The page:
Legislation that would extend the federal hate-crimes law to include the LGBT community was introduced in the House last week.
U.S. Reps. John Conyers (D-Mich.) and Mark Kirk (R-Ill.) introduced the Local Law Enforcement Hate Crimes Prevention Act, also known as the Matthew Shepard Hate Crimes Prevention Act, on April 2 with 42 cosponsors.
None of the 19 representatives from Pennsylvania is cosponsoring the bill.
The legislation was sent to the Judiciary Committee, which Conyers chairs.
The bill would expand the 1969 federal hate-crimes law to allow the Justice Department to investigate and prosecute crimes motivated by a victim’s gender, sexual orientation, gender identity and disability. The current law offers protections based on race, color, religion or national origin.
The bill also would amend the current law to remove the existing requirement that the victim must be engaging in a federally protected activity during the offense — such as attending school at a public institution or serving jury duty on a state court — and provide resources and funding for local agencies to combat hate crimes.
Conyers and Kirk introduced the same legislation in March 2007, along with 137 cosponsors. Sen. Edward Kennedy (D-Mass.) spearheaded the companion bill in the Senate.
The bill, which both houses of Congress approved, was added as an amendment to a defense-spending bill but ultimately removed after a threatened veto from then-President George W. Bush.
Kennedy is expected to introduce a companion bill again this session, but his office could not be reached for comment.
President Barack Obama has said that if the bill passes, he will sign it.
There is currently no federal law mandating state and local police agencies to report hate crimes, but the Federal Bureau of Investigation tracked nearly 7,700 such incidents in 2007, 16.6 percent of which were motivated by a victim’s sexual orientation.
Joe Solmonese, president of the Human Rights Campaign, said the bill is a necessary step to protect all Americans.
“Each year, thousands of Americans are violently attacked just because of who they are,” Solmonese said. “These crimes not only harm individuals, they terrorize entire communities. After more than a decade of delay, it’s time to provide local police and sheriffs’ departments with the full resources of the Justice Department to address vicious hate crimes.”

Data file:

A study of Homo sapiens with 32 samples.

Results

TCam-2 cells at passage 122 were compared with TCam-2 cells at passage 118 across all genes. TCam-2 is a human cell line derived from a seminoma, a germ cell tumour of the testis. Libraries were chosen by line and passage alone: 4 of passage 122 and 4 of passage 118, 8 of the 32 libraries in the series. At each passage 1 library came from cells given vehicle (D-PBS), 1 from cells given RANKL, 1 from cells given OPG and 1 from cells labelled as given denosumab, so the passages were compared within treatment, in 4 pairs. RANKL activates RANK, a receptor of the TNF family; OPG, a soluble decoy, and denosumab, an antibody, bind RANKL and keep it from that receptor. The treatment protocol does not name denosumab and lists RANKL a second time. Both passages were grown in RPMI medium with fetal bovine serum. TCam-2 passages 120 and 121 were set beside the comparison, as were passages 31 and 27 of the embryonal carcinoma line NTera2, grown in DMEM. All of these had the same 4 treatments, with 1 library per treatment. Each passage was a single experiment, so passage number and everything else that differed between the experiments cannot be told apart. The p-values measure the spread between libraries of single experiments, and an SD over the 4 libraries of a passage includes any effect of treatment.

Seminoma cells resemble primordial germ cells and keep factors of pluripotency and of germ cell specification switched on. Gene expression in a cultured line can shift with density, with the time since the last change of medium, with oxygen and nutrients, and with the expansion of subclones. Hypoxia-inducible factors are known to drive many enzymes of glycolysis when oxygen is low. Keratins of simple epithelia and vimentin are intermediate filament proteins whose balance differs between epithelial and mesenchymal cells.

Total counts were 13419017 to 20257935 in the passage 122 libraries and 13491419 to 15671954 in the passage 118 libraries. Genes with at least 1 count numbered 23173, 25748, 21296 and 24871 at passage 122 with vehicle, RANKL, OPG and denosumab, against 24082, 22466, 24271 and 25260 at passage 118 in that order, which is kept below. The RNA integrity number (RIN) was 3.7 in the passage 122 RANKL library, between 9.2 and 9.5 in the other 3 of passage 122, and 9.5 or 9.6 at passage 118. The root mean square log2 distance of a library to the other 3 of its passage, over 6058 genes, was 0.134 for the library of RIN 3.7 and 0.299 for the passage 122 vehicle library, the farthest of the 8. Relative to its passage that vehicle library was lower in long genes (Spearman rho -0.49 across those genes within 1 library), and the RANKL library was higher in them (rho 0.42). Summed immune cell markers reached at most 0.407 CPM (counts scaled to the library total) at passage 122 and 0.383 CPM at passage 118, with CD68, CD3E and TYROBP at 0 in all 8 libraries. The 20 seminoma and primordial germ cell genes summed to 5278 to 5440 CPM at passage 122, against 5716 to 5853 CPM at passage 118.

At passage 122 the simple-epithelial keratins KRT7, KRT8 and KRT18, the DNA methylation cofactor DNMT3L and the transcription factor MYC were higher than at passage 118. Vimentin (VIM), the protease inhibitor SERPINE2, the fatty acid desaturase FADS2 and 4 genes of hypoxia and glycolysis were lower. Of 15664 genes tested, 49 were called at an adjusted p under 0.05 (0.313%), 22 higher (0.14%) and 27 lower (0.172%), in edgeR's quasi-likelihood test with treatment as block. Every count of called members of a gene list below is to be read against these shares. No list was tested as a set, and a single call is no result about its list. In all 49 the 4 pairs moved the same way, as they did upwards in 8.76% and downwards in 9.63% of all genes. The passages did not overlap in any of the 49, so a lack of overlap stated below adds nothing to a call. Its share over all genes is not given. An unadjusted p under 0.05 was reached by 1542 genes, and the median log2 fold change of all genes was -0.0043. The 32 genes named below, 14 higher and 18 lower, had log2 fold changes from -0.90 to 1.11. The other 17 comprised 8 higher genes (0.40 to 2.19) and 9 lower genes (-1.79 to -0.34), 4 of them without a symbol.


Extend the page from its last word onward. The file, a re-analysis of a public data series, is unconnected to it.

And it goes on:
Openly gay U.S. Rep. Tammy Baldwin (D-Wisc.), a cosponsor of the bill, said in a statement last week that it’s integral that Congress take a leadership position on the issue and “enunciate clearly that hate-based violence targeting any American will no longer be tolerated.”
“The passage of the [bill] will not make all hate crimes go away. But this legislation gives state, local and federal law-enforcement authorities the necessary resources and tools to combat violent crimes based on prejudice and intended to terrorize a group of people or an entire community,” Baldwin said. “Such hate crimes are in desperate need of a federal response. I will work hard to move this legislation through Congress this year and look forward to seeing President Obama sign it into law.”
Organizations such as the National Sheriffs Association, the International Association of Chiefs of Police, the National District Attorneys Association and 26 state attorneys general all endorsed the legislation.
Earlier this week, HRC launched FightHateNow.org, a comprehensive site that provides the public with statistics and information, as well as first-hand testimonials, about LGBT hate crimes. Solmonese noted the site’s creation was motivated in part from distortions that the bill’s opponents have circulated in previous years, such as claims by numerous religious leaders that pastors could face prison time if they deliver anti-gay sermons.
The site also offers outlets for visitors to contact their lawmakers and advocate for the bill.
Some form of the Matthew Shepard Act has been introduced every session since 1999, although the previous session was the first time that gender identity was included in the bill.